Choices can be difficult.
Wanting to make the perfect one, I can struggle with “buyer’s remorse.” It can be about a purchase or any decision I have made or need to make (especially if others are concerned).
Did I take enough time to make the best choice? What if I didn’t? Was I right? Was I wrong? I will replay the options.
Especially if my choice does not please others, I will replay it even more. Sometimes it can become compulsive, stuck on a loop in my brain. We all have experienced the stress that comes from obsessive over-thinking.
Over the years, I have tried a variety of ways to “throw a stick in the spokes” and stop the constant thought-cycle. The practice of Centering Prayer has been one thing that, gradually, has made a difference.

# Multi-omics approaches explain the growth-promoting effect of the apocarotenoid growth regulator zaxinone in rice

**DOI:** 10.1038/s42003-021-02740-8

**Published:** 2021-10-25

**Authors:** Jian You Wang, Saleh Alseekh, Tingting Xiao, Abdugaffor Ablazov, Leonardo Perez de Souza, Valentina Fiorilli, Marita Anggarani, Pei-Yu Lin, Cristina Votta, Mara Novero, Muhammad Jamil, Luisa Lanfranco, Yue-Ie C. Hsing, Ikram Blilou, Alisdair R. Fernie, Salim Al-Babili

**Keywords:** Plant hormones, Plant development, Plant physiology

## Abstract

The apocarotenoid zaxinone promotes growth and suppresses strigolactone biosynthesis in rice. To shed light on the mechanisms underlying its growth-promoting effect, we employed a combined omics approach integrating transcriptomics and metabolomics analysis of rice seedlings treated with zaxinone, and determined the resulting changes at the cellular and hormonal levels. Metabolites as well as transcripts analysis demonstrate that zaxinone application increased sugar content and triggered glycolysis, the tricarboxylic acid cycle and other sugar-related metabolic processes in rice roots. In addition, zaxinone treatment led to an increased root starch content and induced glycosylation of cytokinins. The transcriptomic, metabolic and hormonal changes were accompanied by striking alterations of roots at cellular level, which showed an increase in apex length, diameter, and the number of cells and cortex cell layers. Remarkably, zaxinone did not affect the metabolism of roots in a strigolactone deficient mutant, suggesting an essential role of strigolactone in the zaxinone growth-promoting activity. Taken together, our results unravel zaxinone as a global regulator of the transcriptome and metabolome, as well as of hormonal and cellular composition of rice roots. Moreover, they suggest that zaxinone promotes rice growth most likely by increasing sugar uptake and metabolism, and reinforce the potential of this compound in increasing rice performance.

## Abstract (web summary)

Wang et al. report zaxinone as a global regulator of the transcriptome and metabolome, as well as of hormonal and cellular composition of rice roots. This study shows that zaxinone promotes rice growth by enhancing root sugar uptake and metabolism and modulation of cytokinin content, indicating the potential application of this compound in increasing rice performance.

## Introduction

Centering Prayer can be a challenge as one gets to discover all the places the unruly mind wants to wander instead of stay in the present (it is certainly not interested if the present has feelings it doesn’t want to feel!). As I have grown in acceptance of the brain’s (sometimes bizarre) escapades to do anything but feel reality and rest in God, I have grown in awareness of when I am joining its invitations to run away to the circus of compulsivity.
Here are two simple ways of returning home:
The keys to both are patience and gentleness (two indicators or “fruits” of the Holy Spirit as described in Galatians 5:22-23). It may take a while, but with gentle persistence old compulsive paths will be less and less traveled. And relief will rise with your every return to the pathways of peace.
Kasey is a scarf, ball and club juggling spiritual director just outside of Nashville, TN. Play helps her Type-A, Enneagram 1 personality relax, creating space for poetry and other words to emerge. She also likes playing with theological ideas like perichoresis, and all the ways we're invited into this Triune dance.